In the past, flea control has been done pretty much exclusively with chemicals. These chemicals have been linked to nerve damage and even death for some pets. With the number of pet deaths rising from chemical flea controls, we decided to look for safer alternatives.
The first thing you will want to do is clean up your yard, keep your bushes and your shrubs trimmed up. You will also need to rake up any stray leaves that are hiding under the porch areas and around shrubs; these are areas where fleas like to hide. If you have flowerbeds, consider using some cedar mulch, as the cedar is a natural flea repellent. You can also add cedar shavings to your dog’s house and bedding to help repel fleas.
In addition to cleaning up your yard, you can also use plants that help repel fleas in your landscaping. A few plants that help repel fleas are:
• Pennyroyal (repels mosquitoes too)
• Lemongrass (great for mosquitoes!)
Once you have the yard in order, you can add beneficial nematodes that will help control fleas by killing them in the larval and pupal stages in the soil. Nematodes are multi-cellular animals that live in the soil and are commonly called roundworms.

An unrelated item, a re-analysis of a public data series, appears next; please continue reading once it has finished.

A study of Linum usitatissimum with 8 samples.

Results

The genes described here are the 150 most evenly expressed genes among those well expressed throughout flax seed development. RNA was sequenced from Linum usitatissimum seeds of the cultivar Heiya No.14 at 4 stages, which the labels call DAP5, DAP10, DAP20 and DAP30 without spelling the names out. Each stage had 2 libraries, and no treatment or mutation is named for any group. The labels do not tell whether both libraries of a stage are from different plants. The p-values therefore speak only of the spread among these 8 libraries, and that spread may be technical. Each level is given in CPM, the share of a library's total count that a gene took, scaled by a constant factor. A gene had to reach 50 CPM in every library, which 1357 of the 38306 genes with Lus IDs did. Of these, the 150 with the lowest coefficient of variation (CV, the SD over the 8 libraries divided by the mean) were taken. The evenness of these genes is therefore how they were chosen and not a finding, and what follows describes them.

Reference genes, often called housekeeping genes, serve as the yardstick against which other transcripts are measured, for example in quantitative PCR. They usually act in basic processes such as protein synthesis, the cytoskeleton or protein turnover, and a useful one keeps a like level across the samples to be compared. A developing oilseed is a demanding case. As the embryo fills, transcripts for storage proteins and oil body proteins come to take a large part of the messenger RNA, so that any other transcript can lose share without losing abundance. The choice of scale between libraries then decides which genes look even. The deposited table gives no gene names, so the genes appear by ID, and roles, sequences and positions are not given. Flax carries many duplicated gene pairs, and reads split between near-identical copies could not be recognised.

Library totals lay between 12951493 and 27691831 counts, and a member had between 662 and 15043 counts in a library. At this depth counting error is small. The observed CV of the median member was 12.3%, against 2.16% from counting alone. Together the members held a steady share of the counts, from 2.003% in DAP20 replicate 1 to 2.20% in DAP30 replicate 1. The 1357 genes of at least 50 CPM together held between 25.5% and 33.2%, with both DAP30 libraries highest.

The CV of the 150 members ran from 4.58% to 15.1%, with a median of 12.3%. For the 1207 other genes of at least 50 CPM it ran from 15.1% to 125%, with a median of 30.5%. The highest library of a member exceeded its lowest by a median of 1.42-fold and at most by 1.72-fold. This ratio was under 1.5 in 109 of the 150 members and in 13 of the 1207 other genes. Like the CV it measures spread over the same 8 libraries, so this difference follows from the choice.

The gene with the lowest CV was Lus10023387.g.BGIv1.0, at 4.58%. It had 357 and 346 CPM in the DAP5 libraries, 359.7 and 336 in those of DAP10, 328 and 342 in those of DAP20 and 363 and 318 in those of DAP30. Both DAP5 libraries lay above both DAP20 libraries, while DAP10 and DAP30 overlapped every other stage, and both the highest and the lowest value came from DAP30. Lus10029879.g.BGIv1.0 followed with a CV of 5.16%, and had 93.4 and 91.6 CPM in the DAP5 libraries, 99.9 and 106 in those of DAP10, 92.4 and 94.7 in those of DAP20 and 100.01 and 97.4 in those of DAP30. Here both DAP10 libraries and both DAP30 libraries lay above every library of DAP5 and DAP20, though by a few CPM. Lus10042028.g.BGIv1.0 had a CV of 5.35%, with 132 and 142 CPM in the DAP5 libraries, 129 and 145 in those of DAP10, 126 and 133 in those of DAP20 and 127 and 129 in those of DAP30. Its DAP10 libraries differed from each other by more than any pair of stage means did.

In addition to nematodes, you can also use a natural product called diatomaceous earth, or D-Earth. D-Earth is a powdery substance that is made from the crushed fossils of single-celled plants. It kills fleas by destroying the waxy coating that covers them. It also dries out the flea’s bodily fluids, killing them. It can be sprinkled around the yard and even on your pet’s bedding. Not only does D-Earth repel fleas, it also repels roaches, silverfish, ants, bed bugs, flies, lice, scorpions, crickets and more.
Now that the yard is taken care of, its time to take a look at your dog and preventing and removing fleas on him. You will want to check him periodically for ticks and also for fleas. Make sure you do this outside, you don’t want fleas in the house! Using a flea comb, brush your dog, after each stroke, dunk the comb in soapy water this will kill the fleas. Do this until you have combed the entire dog. If you find a tick, be sure to remove it properly. When you are finished, dump the flea water down the toilet to prevent spreading them back into your yard or home.
Once your dog has been combed, you can also bathe him in a natural shampoo that contains oils that repel fleas, such as Natural Chemisty DeFlea Concentrate Shampoo. These natural shampoos gently cleanse the skin and are pH balanced with pure ingredients and botanical extracts, you can even use it on puppies (unlike chemical flea treatments).
There are also some natural supplements that help prevent fleas in your dog, one is Brewer’s Yeast with Garlic from NaturVet. The yeast will assist in controlling shedding and promote healthy skin while boosting the immune system. The combination of the two seems to be a one-two punch against fleas and many dog owners have had great success using just the supplement.